Proper Care of Your Machine for Long Lasting
The two most important issues concerning breakdowns are cavitation and overheating due to excessive time in by-pass. Cavitation is caused when there is not enough water supplied to the pump. For example: if your machine is rated to pump 3.0 gallons per minute (GPM) you must have a supply of 3.0 GPM or more at all times. Even at 2.9 GPM, only a tenth of a gallon lower than rated, will over time cause sufficient damage to all parts of the pump. A good way to check on this is to fill a five gallon bucket with the supply hose and time how long it takes to fill. The supply to your machine must be higher GPM than the rating on the pump. Cavitation can be felt at the gun jet as a surging of pressure.
By-pass is the condition of the machine when the gun jet trigger is not depressed. Our recommendation is not to let go of the gun jet for longer than 30 to 45 seconds. It is easy for the person a pressure washer to be distracted by something. This distraction can be a phone call, moving to another location, or many other things that might happen on a job site. Manufacturers’ recommendations are for no more than two minutes in by-pass. Excessive by-pass causes the pump to heat up within minutes to 140 degrees Fahrenheit and higher. Depressing the gun jet while the pump is hot causes thermal shock by sending fresh, cold water over hot pistons. To avoid this, the machine should be shut down if leaving the unit for more than 30 or 45 seconds…everytime.
Signs of significant pump failure:
Milky oil – water seals or pistons have damage – service immediately.
Silver or metallic oil – pump transmission failure – service immediately
Excessive oil leaking or spraying from pump – water is pressurizing pump due to worn seals and or cracked pistons – service immediately
Engine stalls or “bogs down” while under pressure – pump failure, or by-pass has malfunctioned – service immediately.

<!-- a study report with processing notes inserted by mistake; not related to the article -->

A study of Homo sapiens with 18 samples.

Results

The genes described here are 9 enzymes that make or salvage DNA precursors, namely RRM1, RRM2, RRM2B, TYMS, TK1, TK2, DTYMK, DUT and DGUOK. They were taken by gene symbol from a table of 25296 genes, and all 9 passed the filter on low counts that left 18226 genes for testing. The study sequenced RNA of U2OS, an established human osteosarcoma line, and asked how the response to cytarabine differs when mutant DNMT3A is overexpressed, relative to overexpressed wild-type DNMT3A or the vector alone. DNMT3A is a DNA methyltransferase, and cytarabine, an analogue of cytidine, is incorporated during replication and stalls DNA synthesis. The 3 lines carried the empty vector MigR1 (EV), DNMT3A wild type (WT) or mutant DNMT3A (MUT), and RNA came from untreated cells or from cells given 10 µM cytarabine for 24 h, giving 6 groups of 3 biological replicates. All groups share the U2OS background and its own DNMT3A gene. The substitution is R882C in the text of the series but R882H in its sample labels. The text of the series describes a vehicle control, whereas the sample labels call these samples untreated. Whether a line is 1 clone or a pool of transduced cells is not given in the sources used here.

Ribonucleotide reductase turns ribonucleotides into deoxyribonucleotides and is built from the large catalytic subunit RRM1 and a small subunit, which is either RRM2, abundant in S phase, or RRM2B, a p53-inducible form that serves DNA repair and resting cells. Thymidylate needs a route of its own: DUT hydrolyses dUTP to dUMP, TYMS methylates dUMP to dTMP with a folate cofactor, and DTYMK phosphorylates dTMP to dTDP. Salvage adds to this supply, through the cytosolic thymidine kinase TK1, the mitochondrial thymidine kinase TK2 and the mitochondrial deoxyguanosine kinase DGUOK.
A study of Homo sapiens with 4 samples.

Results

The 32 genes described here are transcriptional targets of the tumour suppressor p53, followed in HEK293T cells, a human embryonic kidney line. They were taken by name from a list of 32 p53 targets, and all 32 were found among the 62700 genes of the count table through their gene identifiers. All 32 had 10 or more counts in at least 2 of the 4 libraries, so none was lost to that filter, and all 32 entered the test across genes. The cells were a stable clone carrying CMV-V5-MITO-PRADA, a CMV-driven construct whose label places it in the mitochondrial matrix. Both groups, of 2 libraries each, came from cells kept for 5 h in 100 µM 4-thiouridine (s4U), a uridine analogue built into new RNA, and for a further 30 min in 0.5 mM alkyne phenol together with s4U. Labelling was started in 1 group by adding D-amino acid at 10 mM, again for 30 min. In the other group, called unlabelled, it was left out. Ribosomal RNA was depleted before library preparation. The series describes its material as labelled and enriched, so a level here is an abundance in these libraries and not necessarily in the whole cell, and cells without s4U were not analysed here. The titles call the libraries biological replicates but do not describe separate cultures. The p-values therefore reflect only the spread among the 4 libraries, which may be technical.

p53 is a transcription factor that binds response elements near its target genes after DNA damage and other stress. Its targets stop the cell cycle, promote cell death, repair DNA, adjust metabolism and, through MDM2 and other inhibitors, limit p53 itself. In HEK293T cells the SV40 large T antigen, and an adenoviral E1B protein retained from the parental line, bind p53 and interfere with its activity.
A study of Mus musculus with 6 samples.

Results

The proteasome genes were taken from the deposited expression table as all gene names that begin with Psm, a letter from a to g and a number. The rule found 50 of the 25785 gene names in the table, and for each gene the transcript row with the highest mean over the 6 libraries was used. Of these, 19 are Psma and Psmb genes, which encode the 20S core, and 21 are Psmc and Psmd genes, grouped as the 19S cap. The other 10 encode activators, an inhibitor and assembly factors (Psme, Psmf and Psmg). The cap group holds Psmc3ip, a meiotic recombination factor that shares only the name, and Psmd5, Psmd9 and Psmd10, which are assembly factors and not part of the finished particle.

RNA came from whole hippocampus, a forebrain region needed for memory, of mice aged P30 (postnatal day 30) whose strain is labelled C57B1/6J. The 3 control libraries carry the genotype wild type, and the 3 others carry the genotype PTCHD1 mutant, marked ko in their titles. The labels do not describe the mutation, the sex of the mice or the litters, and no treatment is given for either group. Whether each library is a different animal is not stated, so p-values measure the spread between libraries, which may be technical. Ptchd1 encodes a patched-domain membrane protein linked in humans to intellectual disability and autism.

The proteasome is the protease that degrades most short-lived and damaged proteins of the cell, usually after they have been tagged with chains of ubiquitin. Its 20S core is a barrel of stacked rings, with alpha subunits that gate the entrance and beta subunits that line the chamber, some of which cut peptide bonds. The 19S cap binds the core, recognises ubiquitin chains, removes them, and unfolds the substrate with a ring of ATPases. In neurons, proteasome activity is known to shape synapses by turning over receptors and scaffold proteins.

Always verify the GPM output of the supply hose is adequate for machine. Check supply filter.
Always check engine and pump for proper level and color of oil before every use.
Always shut unit down when letting go of the gun jet more than 30 – 45 seconds.
Always change oils regularly every 250-300 hours of use (pump and engine).
Always shut down burner first, run for 1-2 minutes or until cold, and then shut the engine down. (Applicable only to hot water units). Always run at full throttle while burner is on.
Always make sure supply valve (house or jobsite) is open all the way.
Always get valves adjusted every 300 hours (Honda engines only) or warranty is void.
Always run antifreeze through unit during the winter months, and if more than two months will elapse between uses. If using during freezing temperatures, run antifreeze immediately after each use.
Never walk away from a unit while running in by-pass for more than 45 seconds.
Never kink supply or high pressure hose, or run over with a car or forklift.
Never run a unit with water leaks anywhere on the machine (gun jet, hose, fittings, etc.).
Never continue to run a unit with milky or metallic oil. Running a unit until it quits just to finish a job is costly.
Never throttle down an engine while the burner is running, or shut down a unit while the burner is on.
Never tip a machine over or run it at an angle: the oil will not properly lubricate the internal parts.
Never allow the unit to freeze. Just blowing out water will still leave enough water in the unit to cause major damage when the unit freezes.